Legal Experts React To Confirmation Britain Is Facing A Hard Brexit
Legal experts from Irwin Mitchell say that British businesses must brace themselves for further uncertainty after the Prime Minister confirmed that Britain will be leaving the single market as part of her Brexit blueprint.
During her much anticipated speech today (TUES) Theresa May said the UK "cannot possibly" remain within the European single market, as staying in it would mean "not leaving the EU at all".
The pound began to climb as the PM vowed to push for the "greatest possible" access to the single market following Brexit.
She also announced that Parliament would get a vote on the final deal agreed between the UK and the European Union and promised an end to the UK's "vast contributions" to the EU.
Business experts from national law firm Irwin Mitchell were closely following the speech, in which Mrs May announced the 12 priorities for Brexit negotiations, to decipher the legal impact for British firms and employers.
The plans included maintaining the common travel area between the UK and Irish Republic, tariff-free trade with the EU, a customs agreement with the EU, continued "practical" sharing of intelligence and policing information and “control" of immigration rights for EU citizens in the UK and UK citizens in the EU.
Still intending to trigger Article 50 and begin the official Brexit process by the end of March, she said: "This agreement should allow for the freest possible trade in goods and services between Britain and the EU's member states.
"It should give British companies the maximum possible freedom to trade with and operate within European markets and let European businesses do the same in Britain. But I want to be clear: what I am proposing cannot mean membership of the single market."
Partner and employment and immigration expert, Omer Simjee said that the PM’s had thrown a recruitment gauntlet down for businesses by pushing for a ‘clean’ Brexit.
Commercial expert and Partner, Laurence Gavin said knowing the Government’s plan wasn’t a signal that businesses could lower their guards and that real long term certainty would only be gained after a final Brexit deals have been negotiated and agreed.
Expert OpinionNow that Theresa May has revealed her hand, businesses need to start preparing for a hard Brexit, without access to the EU single market. The Government’s stated intention is to negotiate a free trade agreement with the EU including a customs agreement, but there is no certainty of outcome and Mrs May recognised this, saying that no agreement with the EU would be preferable to a bad agreement.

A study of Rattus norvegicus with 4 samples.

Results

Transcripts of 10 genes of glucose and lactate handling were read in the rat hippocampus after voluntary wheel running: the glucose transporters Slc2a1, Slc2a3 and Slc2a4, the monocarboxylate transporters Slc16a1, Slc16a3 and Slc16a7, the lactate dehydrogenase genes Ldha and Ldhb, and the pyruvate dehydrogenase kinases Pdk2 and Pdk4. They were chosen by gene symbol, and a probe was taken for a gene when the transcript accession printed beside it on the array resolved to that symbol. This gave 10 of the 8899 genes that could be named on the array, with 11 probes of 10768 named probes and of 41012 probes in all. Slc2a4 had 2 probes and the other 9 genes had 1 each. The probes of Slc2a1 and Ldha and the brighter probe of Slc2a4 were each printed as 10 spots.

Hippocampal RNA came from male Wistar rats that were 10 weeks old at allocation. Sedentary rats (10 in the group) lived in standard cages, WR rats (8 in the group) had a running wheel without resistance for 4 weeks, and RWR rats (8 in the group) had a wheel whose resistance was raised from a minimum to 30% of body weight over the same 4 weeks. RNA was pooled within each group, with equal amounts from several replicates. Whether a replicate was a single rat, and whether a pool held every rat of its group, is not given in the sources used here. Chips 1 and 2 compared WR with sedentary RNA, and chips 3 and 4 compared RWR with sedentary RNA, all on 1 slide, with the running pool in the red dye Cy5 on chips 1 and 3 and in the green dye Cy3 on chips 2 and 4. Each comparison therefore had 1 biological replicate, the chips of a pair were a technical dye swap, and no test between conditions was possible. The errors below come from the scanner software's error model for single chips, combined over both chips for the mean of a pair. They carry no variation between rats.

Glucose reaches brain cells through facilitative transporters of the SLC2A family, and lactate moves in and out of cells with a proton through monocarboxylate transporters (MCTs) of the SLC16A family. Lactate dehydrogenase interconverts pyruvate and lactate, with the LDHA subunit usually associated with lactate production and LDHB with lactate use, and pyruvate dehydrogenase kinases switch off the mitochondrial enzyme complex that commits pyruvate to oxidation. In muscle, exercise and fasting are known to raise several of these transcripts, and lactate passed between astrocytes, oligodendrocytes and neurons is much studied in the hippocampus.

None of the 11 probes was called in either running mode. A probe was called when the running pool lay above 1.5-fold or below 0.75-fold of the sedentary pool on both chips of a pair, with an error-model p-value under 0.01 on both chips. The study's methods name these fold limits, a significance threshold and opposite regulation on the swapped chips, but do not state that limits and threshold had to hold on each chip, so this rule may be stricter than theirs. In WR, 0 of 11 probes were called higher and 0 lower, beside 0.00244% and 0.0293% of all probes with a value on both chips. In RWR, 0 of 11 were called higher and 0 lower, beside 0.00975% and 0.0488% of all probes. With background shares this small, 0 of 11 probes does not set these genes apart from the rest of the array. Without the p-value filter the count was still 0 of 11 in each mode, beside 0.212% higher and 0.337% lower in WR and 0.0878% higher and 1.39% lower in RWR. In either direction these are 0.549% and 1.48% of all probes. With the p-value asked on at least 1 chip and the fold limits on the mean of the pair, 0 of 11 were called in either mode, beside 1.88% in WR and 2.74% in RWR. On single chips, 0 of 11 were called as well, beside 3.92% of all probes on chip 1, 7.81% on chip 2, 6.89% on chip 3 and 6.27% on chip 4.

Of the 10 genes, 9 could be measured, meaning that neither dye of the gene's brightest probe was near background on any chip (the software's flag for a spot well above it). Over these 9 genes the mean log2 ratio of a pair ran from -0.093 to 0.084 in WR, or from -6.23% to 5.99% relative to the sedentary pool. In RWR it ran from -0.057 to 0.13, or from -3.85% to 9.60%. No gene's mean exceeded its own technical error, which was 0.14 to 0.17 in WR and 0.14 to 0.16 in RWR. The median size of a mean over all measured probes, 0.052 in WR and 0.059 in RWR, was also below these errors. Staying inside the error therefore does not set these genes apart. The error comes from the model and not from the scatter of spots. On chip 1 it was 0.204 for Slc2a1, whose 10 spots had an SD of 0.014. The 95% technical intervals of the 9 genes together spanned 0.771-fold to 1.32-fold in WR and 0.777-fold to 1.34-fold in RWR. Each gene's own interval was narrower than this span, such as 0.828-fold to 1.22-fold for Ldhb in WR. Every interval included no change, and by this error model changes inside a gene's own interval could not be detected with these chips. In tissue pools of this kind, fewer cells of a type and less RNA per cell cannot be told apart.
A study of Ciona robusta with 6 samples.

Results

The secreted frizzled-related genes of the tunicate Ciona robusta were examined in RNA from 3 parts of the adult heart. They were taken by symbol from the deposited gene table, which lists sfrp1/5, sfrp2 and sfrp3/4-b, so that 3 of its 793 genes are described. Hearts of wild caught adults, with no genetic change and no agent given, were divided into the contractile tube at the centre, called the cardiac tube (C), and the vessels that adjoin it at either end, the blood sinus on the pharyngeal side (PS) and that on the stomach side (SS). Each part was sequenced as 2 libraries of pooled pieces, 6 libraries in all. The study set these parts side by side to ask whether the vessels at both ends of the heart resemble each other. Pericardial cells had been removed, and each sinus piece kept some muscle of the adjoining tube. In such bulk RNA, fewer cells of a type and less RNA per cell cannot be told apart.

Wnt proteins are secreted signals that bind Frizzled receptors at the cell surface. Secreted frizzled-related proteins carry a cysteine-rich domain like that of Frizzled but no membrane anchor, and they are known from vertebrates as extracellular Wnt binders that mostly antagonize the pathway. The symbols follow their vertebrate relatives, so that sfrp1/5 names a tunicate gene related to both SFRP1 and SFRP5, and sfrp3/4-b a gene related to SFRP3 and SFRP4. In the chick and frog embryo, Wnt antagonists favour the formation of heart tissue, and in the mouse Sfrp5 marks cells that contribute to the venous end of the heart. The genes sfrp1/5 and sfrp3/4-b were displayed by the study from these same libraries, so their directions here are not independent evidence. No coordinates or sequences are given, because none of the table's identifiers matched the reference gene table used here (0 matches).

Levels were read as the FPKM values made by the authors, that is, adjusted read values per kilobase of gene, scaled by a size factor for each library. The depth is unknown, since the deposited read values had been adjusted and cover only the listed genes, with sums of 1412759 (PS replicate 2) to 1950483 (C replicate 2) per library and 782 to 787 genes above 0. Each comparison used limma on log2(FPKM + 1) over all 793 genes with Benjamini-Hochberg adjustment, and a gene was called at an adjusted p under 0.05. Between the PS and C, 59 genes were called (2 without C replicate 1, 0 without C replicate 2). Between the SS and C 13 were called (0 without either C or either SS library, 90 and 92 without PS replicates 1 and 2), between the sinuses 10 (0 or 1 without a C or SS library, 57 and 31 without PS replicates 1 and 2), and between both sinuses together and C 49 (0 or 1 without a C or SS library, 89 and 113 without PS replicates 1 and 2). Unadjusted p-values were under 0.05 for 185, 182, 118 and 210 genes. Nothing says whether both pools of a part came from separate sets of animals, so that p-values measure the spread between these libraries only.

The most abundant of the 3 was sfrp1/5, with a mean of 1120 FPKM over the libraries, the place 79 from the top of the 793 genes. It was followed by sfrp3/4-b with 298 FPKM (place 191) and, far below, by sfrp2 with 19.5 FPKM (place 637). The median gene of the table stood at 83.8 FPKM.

Businesses therefore need to prepare themselves for tariffs on manufactured goods of all sorts and food products, the cost of which will either have to absorbed by companies or passed onto the consumer, with unpredictable results. Supply chains may face disruption, particularly in industries such as aerospace where EU-wide accreditation is important.
The financial services sector is also important to the UK economy and a hard Brexit is likely to mean that businesses in the sector will lose their passporting rights, although negotiating an equivalence deal for some types of business will be a priority for the Government. This area will be closely watched but we can expect banks and insurers to move some staff to EU financial centres, a trend which has already begun, and to set up subsidiary companies within the EU.
Businesses are already sailing through choppy and unchartered waters the uncertainty will continue while the settlement with the EU is negotiated, notwithstanding that certainty is Mrs May’s first principle for the negotiation. The practical advice is to stay flexible and have both short and long term plans to cover all eventualities. Laurence Gavin - Partner
Head of Real Estate, Paul Firth said that a hard Brexit presented both opportunities and risks for property investors.